During Advent this year, I created a video reflection to accompany the devotional book by our denominational publishing house. I was desperate to find a way to engage folks in this holy season. Or, even more honest, I was desperate to reclaim the holy season from the consumerist frenzy. You don’t get to steal my Advent, capitalism. **Said with furiously shaking fist!** I learned a few things. I made this video to talk about some of the things I learned.
Of the lessons learned, one of the most startling was becoming aware of how uncomfortable I am with viewing myself. As noted in the video, there is scientific reason behind it. You can listen to a Radio Lab show about it, here. There are also the sociological and psychological reasons for it. Namely, that as women we aren’t encouraged to be ok with who we are without a sense of refining, e.g. make-up. Culturally, we are encouraged to present our selves as perfectly as possible, refined by instagram filters and 50 shots to post one selfie. In an effort to do that, we lose the very self we are trying to express.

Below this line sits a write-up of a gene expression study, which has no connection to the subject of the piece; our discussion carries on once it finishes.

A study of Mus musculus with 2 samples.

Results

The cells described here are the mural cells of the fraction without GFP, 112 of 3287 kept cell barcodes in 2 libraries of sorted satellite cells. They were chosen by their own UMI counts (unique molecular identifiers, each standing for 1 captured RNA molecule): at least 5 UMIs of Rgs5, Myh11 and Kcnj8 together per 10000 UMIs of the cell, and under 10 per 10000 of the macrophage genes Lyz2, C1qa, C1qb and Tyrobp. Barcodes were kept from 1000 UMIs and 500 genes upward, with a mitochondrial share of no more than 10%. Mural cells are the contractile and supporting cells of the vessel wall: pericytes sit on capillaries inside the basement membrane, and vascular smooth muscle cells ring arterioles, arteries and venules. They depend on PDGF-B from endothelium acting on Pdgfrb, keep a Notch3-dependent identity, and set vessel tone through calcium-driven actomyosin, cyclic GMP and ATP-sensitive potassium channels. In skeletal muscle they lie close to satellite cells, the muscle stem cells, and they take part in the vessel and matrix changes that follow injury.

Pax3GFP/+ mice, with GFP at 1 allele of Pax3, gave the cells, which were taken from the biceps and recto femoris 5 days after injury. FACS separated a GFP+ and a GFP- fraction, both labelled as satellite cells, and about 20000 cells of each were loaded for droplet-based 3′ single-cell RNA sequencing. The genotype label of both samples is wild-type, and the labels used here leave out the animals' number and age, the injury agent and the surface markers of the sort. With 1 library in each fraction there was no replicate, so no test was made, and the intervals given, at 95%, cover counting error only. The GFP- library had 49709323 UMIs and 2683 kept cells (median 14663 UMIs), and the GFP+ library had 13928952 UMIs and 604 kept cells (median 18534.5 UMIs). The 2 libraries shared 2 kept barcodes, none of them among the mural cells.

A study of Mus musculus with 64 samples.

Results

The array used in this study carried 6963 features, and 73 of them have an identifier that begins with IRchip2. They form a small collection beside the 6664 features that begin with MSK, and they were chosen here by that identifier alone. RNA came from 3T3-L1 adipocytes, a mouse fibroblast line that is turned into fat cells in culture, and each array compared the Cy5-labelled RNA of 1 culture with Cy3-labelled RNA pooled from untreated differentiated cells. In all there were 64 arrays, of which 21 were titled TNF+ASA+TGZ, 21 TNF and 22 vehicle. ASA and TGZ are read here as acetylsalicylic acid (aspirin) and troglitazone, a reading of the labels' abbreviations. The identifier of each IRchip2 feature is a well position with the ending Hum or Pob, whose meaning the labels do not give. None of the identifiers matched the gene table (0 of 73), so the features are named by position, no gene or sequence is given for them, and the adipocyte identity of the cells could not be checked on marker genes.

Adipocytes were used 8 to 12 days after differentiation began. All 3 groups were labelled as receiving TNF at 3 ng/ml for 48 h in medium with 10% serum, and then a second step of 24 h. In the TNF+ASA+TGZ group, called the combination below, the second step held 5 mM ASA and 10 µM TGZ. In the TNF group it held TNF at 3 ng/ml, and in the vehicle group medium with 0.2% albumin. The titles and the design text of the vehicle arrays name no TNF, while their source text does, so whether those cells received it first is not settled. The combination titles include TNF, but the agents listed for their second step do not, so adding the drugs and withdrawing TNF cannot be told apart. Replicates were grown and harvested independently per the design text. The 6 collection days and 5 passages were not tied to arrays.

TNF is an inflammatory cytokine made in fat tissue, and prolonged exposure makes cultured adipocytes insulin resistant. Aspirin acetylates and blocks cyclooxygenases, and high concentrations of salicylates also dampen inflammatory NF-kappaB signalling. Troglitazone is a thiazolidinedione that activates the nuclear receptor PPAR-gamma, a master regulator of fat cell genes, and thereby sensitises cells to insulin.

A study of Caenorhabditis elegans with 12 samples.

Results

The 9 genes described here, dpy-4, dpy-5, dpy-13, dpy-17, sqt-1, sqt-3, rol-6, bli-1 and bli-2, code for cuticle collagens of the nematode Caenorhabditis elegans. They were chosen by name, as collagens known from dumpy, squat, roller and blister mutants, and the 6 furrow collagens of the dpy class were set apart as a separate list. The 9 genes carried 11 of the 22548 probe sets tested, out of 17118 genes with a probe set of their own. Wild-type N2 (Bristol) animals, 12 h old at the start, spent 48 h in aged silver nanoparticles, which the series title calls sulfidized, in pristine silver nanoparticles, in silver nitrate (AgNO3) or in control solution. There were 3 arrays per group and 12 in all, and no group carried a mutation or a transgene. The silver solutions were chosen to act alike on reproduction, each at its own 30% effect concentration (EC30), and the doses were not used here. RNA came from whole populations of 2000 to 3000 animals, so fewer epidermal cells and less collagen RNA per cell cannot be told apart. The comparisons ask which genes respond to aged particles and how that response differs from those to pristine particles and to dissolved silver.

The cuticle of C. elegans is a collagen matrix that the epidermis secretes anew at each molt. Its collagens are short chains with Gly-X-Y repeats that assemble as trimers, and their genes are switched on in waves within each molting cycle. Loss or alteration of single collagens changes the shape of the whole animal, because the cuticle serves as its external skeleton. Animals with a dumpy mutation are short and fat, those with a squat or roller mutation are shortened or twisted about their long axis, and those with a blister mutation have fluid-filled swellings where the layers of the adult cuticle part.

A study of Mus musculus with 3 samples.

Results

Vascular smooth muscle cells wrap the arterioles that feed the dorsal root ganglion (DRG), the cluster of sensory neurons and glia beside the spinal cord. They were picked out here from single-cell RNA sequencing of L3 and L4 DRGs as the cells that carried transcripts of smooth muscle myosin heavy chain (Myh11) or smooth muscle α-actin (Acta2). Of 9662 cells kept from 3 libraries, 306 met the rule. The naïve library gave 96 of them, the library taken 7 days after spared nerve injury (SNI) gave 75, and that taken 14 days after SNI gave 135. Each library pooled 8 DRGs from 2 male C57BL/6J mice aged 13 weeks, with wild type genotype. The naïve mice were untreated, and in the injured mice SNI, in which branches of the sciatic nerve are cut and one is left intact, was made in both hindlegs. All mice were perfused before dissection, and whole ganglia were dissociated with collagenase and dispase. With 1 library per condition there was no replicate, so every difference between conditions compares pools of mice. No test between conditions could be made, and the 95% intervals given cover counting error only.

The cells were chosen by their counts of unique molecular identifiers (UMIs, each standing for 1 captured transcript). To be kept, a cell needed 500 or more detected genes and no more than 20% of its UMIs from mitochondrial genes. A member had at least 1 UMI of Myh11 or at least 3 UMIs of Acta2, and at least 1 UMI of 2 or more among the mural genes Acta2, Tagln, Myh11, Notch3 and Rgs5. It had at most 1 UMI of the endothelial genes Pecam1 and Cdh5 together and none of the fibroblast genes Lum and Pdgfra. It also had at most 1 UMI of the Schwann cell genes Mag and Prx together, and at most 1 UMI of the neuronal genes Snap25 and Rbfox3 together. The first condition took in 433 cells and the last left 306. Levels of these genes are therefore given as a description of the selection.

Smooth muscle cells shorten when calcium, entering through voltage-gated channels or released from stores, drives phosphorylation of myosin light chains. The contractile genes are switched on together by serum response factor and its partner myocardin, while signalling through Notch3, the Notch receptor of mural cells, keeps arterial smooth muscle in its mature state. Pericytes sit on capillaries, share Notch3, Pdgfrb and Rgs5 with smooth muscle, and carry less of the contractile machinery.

As Colleen Kwong proclaimed the value of art in worship at the Women and Worship conference, she highlighted that it “holds a mirror up to see ourselves.” She was speaking about the art we use in worship. The art we choose even for the front of a bulletin reveals our values and commitments. The art we create becomes reflections of who we are.
I would not lift the video series I did as art, anymore than text on a page could be considered art. Using a different medium than normal, though, allowed me to see myself in a new way. See myself without refinement and opened the door to discover which “me” has more value.
In church life, there is pressure to do everything perfectly well like the megachurch. (Those are the pastors writing the best-selling books, right!) So much so that the things we do well get brushed aside because they are as polished as the latest YouTube sensation repackaged for the evening news. Art is not art because it reveals perfection. Art is art because it reveals life. What could we be if our goal was to reflect ourselves rather than what we think people want? I don’t want a flat mass produced poster of Monet’s water lilies. I want to see the layers and layers and layers of paint piled up on the canvas, even it is just for one afternoon.